Friday, 1 March 2013

A cultural evening at La bohème

One of my favourite things to do of an evening is to take a little trip to the Royal Opera House and sit captivated for a couple of hours watching some incredible performances.

This year I have already been lucky enough to see the ballet adaptation of Pushkin's verse-novel Eugene Ongin. Even though the ballet itself was not as strong as others I have seen at the Opera House the atmosphere there is always unbeatable and the music was fantastic.

So when a friend had a spare ticket to La Bohème I jumped at the opportunity. 

Being a little short of cash these days we are constantly keeping an eye on the website where it is possible to get incredibly good value tickets. The ones for this were only £5. Admittedly they were firmly in the nose-bleed seats but even from such great heights you can still see almost half of the action and of course you can hear the singers and have a fantastic view of the orchestra.

La bohème is a four act opera in Italian written by Puccini and based upon the popular novel of Henri Muger. But don't panic if your Italian isn't fluent everything is clearly subtitled. As I am currently teaching myself Italian (slowly I might add) I enjoyed trying to catch words and sentences here and there.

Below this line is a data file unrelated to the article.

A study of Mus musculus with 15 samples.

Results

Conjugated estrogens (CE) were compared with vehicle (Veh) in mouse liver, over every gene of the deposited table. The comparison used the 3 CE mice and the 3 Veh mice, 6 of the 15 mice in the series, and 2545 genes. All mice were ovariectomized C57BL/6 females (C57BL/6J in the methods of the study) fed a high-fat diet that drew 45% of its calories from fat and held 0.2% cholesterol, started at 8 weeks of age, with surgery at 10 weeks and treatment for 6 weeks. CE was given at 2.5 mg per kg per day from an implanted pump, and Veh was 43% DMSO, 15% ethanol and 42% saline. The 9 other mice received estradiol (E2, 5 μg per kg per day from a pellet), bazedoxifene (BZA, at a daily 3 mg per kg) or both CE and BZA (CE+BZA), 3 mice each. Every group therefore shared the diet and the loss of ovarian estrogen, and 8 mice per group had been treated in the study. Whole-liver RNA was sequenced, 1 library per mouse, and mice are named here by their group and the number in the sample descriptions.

The plot revolves around  4 bohemian men and their loves Mimi and Muretta. There is a strong note of humour in the first two act although this morphs to tragedy in the final two. The final act had tears welling in my eyes, despite the fact that I could not see the main focus of the action. 

The set design was beautiful and was carefully researched by Julia Trevelyan Oman who based it upon Parisian life from the mid 19th century. The second act shows the characters meeting to enjoy an evening at Café Momus. The Café set which included two storeys is shown on the right of the stage while we have a view into the bustling Parisian streets on the left. It sets up the atmospheric conditions wonderfully with the cafe bathed in a warm orange light while the cold blue lighting of the outdoors scene creates a  impression of a frosty winters day.

The singer who played Musetta was outstanding she had an incredible voice and hit exactly the right tone of amusing and serious depending upon the situation.

I think that my favorite line had to be 'E come vivo? Vivo!' or 'How do I live. I Live!' and I hope to take this thought forwards into march with me.

For more information about the plot which I didn't want to give away in too much detail click here.
And get scanning the Royal Opera House website for some cheap tickets to this or any other Opera or Ballet.